TASHKENT, UZBEKISTAN - Asia's ongoing recovery from the global economic crisis provides fresh opportunities to expand integration efforts in the region, which can benefit both Asia and the world, Asian Development Bank (ADB) President Haruhiko Kuroda told a seminar audience at ADB's 43rd Annual Meeting in Tashkent.
The Governors' Seminar on "Asian Integration and Global Growth" looked at the relationship between economic growth and regional integration. It focused on the lessons for Asia from the global crisis, including its likely impact on future integration initiatives. It also examined the role closer regional ties could play in aiding the global economy, and the key actions needed to boost increased links.
In addition to Mr. Kuroda and ADB Governor for Uzbekistan, Rustam Azimov, who hosted the event, other speakers were: Nick Sherry, Assistant Treasurer, Australia; Li Yong, Alternate ADB Governor for People's Republic of China; Pranab Mukherjee, ADB Governor for India; Armida Alisjahbana, Alternate ADB Governor for Indonesia; Carlo Monticelli, Alternate ADB Governor for Italy; Nobumitsu Hayashi, Temporary Alternate ADB Governor, Japan; and Je-Yoon Shin, Temporary Alternate ADB Governor, Republic of Korea. Eunice Yoon, CNN's Asia Business Editor, moderated the seminar.
Developing Asian economies have recovered faster from the downturn than most other parts of the world, supported by substantial stimulus packages. However, the global economic crisis has exposed Asia's over-reliance on exports, and highlighted the need to rebalance sources of growth, putting more emphasis on domestic demand. The seminar discussed how a more balanced growth would stimulate national income, final goods' consumption, greater intraregional trade in services, and how it would eventually attract more local and foreign investment.
While financial cooperation in Asia has progressed through the recent multilateralization of the Chiang Mai Initiative, which established a common pool of funds to offer liquidity support among ASEAN+3 countries, the seminar heard that more proactive measures to cushion the region from future shocks and to give Asia a more united voice in moves to reform the global financial architecture.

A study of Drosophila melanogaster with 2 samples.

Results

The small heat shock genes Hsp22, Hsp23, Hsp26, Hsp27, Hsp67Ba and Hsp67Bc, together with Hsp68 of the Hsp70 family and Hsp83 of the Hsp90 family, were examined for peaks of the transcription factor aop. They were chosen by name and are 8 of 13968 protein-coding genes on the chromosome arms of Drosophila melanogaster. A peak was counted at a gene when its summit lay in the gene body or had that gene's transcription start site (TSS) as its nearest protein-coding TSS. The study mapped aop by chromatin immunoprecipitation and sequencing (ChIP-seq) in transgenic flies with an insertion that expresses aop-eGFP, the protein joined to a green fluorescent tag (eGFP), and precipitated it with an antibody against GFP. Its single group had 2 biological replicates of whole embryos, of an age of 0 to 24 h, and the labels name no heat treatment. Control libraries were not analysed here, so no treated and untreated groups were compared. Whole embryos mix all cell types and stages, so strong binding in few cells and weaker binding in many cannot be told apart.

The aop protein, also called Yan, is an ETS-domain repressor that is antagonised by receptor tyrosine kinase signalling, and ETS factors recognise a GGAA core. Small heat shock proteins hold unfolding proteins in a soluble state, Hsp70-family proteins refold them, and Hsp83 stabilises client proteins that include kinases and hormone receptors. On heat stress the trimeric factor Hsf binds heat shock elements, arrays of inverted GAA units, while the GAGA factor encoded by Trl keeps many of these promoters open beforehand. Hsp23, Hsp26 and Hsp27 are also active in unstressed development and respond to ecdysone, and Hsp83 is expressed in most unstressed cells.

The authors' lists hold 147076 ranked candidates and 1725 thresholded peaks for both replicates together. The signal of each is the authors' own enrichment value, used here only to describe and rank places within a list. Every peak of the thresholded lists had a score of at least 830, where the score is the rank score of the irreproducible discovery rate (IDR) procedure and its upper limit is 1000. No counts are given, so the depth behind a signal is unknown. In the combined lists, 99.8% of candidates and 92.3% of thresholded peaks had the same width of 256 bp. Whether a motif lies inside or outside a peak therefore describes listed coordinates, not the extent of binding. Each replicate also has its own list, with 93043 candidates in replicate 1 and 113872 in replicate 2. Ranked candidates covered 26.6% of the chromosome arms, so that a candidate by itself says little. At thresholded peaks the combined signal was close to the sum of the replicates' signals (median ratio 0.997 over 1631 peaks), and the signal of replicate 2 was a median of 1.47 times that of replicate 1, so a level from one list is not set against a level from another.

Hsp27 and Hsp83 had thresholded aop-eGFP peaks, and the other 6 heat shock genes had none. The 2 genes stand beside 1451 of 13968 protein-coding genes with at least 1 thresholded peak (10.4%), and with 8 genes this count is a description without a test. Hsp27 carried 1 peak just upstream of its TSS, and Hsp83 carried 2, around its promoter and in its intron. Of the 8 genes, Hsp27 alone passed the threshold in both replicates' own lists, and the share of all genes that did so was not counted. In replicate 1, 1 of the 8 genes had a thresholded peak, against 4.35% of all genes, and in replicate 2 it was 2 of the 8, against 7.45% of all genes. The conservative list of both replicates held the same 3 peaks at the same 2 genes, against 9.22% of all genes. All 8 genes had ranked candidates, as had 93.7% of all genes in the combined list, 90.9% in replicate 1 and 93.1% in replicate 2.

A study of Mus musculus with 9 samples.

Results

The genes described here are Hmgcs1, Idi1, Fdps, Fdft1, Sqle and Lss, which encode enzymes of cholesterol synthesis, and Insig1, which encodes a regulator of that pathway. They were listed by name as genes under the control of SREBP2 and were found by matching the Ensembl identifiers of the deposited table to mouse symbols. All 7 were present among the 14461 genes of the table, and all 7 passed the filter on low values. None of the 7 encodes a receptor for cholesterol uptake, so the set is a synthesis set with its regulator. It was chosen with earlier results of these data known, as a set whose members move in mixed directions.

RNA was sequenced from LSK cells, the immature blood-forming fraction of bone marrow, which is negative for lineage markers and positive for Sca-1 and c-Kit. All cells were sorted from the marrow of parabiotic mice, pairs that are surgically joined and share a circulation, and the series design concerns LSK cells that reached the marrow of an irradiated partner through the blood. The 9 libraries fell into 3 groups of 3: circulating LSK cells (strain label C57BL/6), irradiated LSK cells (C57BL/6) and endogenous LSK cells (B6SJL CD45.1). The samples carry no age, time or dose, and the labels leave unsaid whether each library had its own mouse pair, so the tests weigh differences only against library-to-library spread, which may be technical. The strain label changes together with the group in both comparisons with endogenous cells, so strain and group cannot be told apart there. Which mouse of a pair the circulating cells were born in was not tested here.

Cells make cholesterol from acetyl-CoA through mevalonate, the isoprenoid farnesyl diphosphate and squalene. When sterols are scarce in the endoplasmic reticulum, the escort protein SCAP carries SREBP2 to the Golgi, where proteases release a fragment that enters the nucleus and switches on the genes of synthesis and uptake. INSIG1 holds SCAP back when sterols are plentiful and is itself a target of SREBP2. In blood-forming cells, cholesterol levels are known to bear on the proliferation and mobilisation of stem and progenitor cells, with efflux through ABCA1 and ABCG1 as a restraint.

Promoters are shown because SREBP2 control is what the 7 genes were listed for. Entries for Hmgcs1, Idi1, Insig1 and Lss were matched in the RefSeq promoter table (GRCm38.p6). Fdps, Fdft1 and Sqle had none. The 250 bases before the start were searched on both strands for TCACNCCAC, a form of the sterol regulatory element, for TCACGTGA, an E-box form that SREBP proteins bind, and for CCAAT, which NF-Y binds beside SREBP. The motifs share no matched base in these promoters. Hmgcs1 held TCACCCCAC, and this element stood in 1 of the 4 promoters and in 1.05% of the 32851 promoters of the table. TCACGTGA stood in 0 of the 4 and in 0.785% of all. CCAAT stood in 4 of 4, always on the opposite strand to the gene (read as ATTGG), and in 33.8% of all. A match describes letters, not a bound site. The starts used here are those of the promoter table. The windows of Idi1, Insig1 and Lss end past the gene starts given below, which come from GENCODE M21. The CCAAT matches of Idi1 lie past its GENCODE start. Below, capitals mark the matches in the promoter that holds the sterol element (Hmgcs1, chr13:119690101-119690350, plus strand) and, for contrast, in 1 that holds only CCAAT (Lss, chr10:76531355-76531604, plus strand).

"Increasing interdependence across Asian economies offers a new platform for economic development - one that is good for individual countries, good for the region, and good for the world," Mr. Kuroda said.
The seminar also discussed the issue of how Asian countries could articulate a common voice within the G20 and other global forums. Asian leaders realize that the region's rising economic power is not reflected in its decision-making power in global institutions and several proposals have been made to reform the regional institutional architecture. In particular, the speakers converged on the need for better coordination of exchange rate policies among Asian countries.
Italy's Carlo Monticelli recommended the region establish an independent supranational authority separate from governments.
"To support economic growth and integration Asia needs to create a permanent secretariat to play a role similar to that the European Commission plays for Europe," he said.
"Asia is ready for a new round of closer economic integration and faster growth," said Li Yong of the PRC. He also stressed that sustained Asian economic growth and increased domestic demand will attract more exports from the US and Europe.
While expressing support for more robust regional economic integration initiatives, Pranab Mukherjee of India, noted that the benefits of Asia's economic integration should be consistent with the region's diversity, and ensure that the benefits of economic growth reach more people still living below the poverty line.
Seminar host Rustam Azimov said Uzbekistan was "committed to strengthen cooperation with other Asian countries as this brings economic benefits to all."